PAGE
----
Have you ever found yourself starting out on a sermon series and wishing you hadn’t? For example, at some point have you found yourself somewhere in the Ten Commandments and wished there were only eight? Or if you’re more topical, have you found yourself in the midst of Five Steps to Happiness and suddenly knew there were only three? However, you have committed yourself to a series and so—at the risk of boring yourself—you went through with it.

If it is hard on you, your suddenly realize it was even harder on those in the audience. I have here and there quoted the little sister who reportedly said, “My pastor just preached 66 sermons from the Book of Philippians; while I still love my pastor, I hate the Book of Philippians.”

It is true many great theologians have preached up to hundreds of sermons on a single book of the Bible. Take John Calvin, for instance. He would camp out in some book of the Bible and stay there for years. He is said to have preached hundreds of sermons from a single book of the Bible, and he was well loved—at least by Calvinists.

When he was arrested during one sermon and hauled off to jail, he was so committed that when he was freed, he stepped back into his pulpit and took off preaching at the very same point in his manuscript at which he had left it years earlier. It took more than an imprisonment to interupt a series in those days; but this was before Blu-Ray and Tivos, when there was little to do but cherish the first legal printings of the Bible, go to church and admire the longevity of Latin scholarship.

Taste lately has grown restless.

In this age of drive-thru sermons and two-second sound bites, most people want the milk of the Word condensed, and the wisest of preachers tend to prepare and preach their sermons with the maximum impact to be gained in a 55-minute worship service.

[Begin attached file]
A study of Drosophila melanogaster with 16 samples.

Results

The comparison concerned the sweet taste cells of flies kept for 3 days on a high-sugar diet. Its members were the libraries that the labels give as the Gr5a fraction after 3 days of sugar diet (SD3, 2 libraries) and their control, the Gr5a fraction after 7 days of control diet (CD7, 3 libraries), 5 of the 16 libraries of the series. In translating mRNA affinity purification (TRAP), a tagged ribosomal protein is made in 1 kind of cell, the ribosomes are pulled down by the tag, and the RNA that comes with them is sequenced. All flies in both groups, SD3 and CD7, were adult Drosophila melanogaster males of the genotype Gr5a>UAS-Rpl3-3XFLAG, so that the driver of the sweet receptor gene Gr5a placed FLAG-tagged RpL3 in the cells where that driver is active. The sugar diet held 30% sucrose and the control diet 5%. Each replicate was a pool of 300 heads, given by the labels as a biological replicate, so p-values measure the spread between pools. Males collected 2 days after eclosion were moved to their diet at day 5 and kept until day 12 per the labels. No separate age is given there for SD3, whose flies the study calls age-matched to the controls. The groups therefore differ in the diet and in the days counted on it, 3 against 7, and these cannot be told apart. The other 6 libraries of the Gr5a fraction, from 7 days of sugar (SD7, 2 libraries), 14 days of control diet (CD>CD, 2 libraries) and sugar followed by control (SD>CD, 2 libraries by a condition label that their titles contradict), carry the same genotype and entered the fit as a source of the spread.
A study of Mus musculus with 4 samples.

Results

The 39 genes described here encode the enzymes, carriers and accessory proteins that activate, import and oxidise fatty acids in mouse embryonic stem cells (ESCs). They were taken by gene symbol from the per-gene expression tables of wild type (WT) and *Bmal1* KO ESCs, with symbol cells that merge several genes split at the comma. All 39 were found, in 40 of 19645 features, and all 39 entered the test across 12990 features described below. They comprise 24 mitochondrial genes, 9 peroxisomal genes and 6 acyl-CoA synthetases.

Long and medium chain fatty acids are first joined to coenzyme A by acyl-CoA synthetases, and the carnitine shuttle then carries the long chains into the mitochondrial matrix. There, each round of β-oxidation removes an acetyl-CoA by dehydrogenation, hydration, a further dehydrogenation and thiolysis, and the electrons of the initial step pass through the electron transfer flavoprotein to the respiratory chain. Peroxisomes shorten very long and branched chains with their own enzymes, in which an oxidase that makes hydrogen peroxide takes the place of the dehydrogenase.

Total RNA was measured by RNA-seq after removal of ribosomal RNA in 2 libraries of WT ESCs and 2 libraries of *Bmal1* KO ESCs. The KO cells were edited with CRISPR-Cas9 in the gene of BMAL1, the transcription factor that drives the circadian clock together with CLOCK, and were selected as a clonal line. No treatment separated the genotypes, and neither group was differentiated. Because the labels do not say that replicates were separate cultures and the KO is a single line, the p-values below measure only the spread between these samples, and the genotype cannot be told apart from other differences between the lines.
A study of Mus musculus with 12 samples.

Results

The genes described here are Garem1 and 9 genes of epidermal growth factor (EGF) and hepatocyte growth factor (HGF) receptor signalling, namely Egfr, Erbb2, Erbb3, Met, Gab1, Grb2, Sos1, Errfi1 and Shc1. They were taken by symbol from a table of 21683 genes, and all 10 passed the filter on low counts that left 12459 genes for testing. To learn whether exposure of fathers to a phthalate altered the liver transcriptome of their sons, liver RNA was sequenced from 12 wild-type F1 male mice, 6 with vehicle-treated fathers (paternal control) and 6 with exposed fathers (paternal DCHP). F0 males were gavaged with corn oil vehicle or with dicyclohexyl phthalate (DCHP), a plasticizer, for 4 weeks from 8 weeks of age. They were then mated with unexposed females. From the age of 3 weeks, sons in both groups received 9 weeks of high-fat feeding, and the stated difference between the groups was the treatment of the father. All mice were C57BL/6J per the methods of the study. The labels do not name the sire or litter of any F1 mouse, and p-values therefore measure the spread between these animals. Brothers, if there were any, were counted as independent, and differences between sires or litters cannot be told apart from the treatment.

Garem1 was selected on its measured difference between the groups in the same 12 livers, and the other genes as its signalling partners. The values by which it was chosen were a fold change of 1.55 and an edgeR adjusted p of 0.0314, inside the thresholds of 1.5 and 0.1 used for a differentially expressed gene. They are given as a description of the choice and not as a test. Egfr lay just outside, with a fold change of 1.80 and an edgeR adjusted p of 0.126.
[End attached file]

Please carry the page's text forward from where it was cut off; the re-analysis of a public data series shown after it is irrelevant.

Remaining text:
I have, throughout my ministry, preached sermon series somewhere between two and six sermons. I have a series on the Ten Commandments and a slightly longer one on the Sermon on the Mount. I believe in this, if for no other reason than it linked preparing sermons together for me. I have lots of Advent series, which always required four solid sermons on the Incarnation and a special Christmas sermon. I have lots of series that ran through Lent leading up to Easter. The other series I have preached tended to be shorter than six weeks.

We live in a season of life when the 30-minute episodes of “Seinfeld” (these usually require only 22 to 24 minutes of written scripts, minus introductions and commercials) last only a few years. This should clue us in to writing individual sermons and series in such a way as to seem fresh and captivating for the long haul.

I realize longer services and sermons are required to pull sermon-listeners out of the world. Living in secular culture for 168 hours a week and going to church for 60 minutes requires a good bit of time to pry folks out of the whirl of their busy lives into a few moments of spiritual reflection.

For this reason I have grown compassionate for those preachers who take longer to preach the Word, but long-winded preaching usually is made long by redundancies and poorly edited content. The best of sermons are written by those who understand good persuasion is not long-winded and good teaching is not necessarily blunted dull by rambling pedagogy.

Often I would use Sunday nights to preach a series that might be considered by some to be inappropriate—a series such as one on “The Song of Solomon and Christian Sexuality.” This would seem to be a good time to lock the babies in the nursery and put the children in a sound-proofed room and talk with the adults about sex. Often when I tried this kind of series, I found that my interest in the subject was greater than theirs. This left me feeling as if I were some deviant in a world of pious hypocrites; but it did help me realize if a series on sex cannot be pursued to some fiery end, what is left to intrigue the saints?

It is enough to say that when preaching through a series of sermons, choose a subject that really needs multiple sermons to get it all said. Then, when you notice people nodding off during sermons which have over-explained the subject you couldn’t keep fresh week by week, it is perhaps the wiser course to start a new, shorter series which has enough relevance to keep the congregational buzz and your pulpit going strong.